How much is a human life worth?
Now, bear with me. In my last post, I outlined three conditions that I think need to hold true before any system can be created to determine how much an individual should be donating:
First, that your donation (investment) will be used effectively and efficiently. Second, your donation (investment) will be used with similar amounts of effectiveness and efficiency across all causes and across all organizations. Third, you will be able to measure a return on that donation (investment) that will justify the amount of money you put in.I write about the first condition all the time. The second two require metrics that are able to accurately measure social change and life improvement resulting from an organization's efforts. This system of social output measurement would be able to quantify the social output from an organization, and therefore, tell you your return on a social investment. While some have tried to do this, I am not sure it is obtainable, or something investors should seek out.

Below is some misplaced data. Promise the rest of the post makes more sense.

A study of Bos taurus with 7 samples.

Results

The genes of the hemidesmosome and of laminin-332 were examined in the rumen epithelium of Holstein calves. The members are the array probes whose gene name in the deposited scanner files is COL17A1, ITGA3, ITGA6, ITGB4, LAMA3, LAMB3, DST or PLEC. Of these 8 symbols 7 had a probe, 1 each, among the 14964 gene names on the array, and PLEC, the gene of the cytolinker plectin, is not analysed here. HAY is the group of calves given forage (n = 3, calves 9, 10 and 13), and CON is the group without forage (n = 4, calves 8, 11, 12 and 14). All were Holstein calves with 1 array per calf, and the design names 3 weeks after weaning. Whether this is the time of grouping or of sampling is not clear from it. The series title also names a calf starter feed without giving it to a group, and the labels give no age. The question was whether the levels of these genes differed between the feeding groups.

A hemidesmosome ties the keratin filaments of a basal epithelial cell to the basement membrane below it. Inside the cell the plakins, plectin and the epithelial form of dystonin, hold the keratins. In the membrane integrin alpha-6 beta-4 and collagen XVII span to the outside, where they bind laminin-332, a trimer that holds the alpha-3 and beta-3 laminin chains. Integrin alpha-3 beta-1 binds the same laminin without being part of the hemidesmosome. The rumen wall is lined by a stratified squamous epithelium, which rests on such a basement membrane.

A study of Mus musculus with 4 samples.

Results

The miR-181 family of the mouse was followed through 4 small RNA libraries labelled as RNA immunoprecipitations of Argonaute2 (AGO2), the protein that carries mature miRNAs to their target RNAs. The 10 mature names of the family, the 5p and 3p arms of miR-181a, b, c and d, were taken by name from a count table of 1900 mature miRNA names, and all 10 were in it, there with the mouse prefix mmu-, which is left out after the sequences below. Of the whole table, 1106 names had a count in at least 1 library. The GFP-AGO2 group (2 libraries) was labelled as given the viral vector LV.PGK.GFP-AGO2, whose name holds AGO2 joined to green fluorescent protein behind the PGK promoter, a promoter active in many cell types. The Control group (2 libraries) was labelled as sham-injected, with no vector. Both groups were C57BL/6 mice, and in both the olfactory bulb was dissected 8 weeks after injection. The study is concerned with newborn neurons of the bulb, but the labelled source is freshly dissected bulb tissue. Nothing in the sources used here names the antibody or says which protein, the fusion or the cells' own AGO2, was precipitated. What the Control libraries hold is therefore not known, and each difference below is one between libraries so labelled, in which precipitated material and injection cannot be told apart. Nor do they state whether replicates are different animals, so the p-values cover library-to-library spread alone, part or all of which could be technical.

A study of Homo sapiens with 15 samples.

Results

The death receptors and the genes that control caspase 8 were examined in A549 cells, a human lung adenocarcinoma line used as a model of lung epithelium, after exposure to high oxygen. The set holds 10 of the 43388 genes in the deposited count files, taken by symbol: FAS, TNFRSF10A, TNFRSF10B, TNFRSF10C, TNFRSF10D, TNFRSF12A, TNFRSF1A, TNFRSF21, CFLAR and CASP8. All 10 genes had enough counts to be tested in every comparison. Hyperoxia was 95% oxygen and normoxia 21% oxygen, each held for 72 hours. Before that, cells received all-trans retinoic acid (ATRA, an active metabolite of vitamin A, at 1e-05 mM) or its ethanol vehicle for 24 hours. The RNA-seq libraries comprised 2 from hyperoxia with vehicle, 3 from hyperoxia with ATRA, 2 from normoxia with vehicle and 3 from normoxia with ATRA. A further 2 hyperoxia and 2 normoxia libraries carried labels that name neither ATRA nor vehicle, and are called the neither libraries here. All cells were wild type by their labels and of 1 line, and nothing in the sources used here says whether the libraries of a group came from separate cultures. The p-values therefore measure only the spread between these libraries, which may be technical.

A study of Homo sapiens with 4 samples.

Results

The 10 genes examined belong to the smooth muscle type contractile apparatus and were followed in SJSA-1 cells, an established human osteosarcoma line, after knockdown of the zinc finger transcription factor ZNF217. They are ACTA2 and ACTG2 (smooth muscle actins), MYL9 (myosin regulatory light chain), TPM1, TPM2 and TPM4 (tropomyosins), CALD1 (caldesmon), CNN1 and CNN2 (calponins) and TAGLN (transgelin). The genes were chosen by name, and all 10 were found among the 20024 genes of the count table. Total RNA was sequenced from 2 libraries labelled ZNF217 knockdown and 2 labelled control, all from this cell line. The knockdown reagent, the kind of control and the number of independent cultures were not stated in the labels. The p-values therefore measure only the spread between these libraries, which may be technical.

This isn't obtainable because, fundamentally, it requires the measurable value of a human life--whether that be at the individual, group of societal level. To know how much change your money is creating, you would need to be able to quantify that change. Change is always centered on improving individual's lives and an improvement of a life can only be measured if that life can be measured. We, as humans, do not have the tools (or probably the consciousness) to do this. Determining the value of life has been tried, but using money to value humanity isn't much different than letting monkeys figure out how many bananas their friends are worth.
Charles at Social Edge posted this discussion on "The Fetishization of Metrics," where he compares "Quants," (those who are interested in measuring impact through numbers) with "Qualits," (those who "know there's more to human life than numbers can possibly capture.") Quants want to determine outputs and see the numbers, while Qualits recognize that real change comes in unmeasurable units.
I encourage you to be a Qualit in your investments and in all things. Quants have their place--we must measure what we can to determine what is working and what is not. (The authors of a study cited in Charles' post even propose a metric to better measure the intrinsic, unmeasurable value of social change.) But when pushed too far, social change measurements will always fall apart.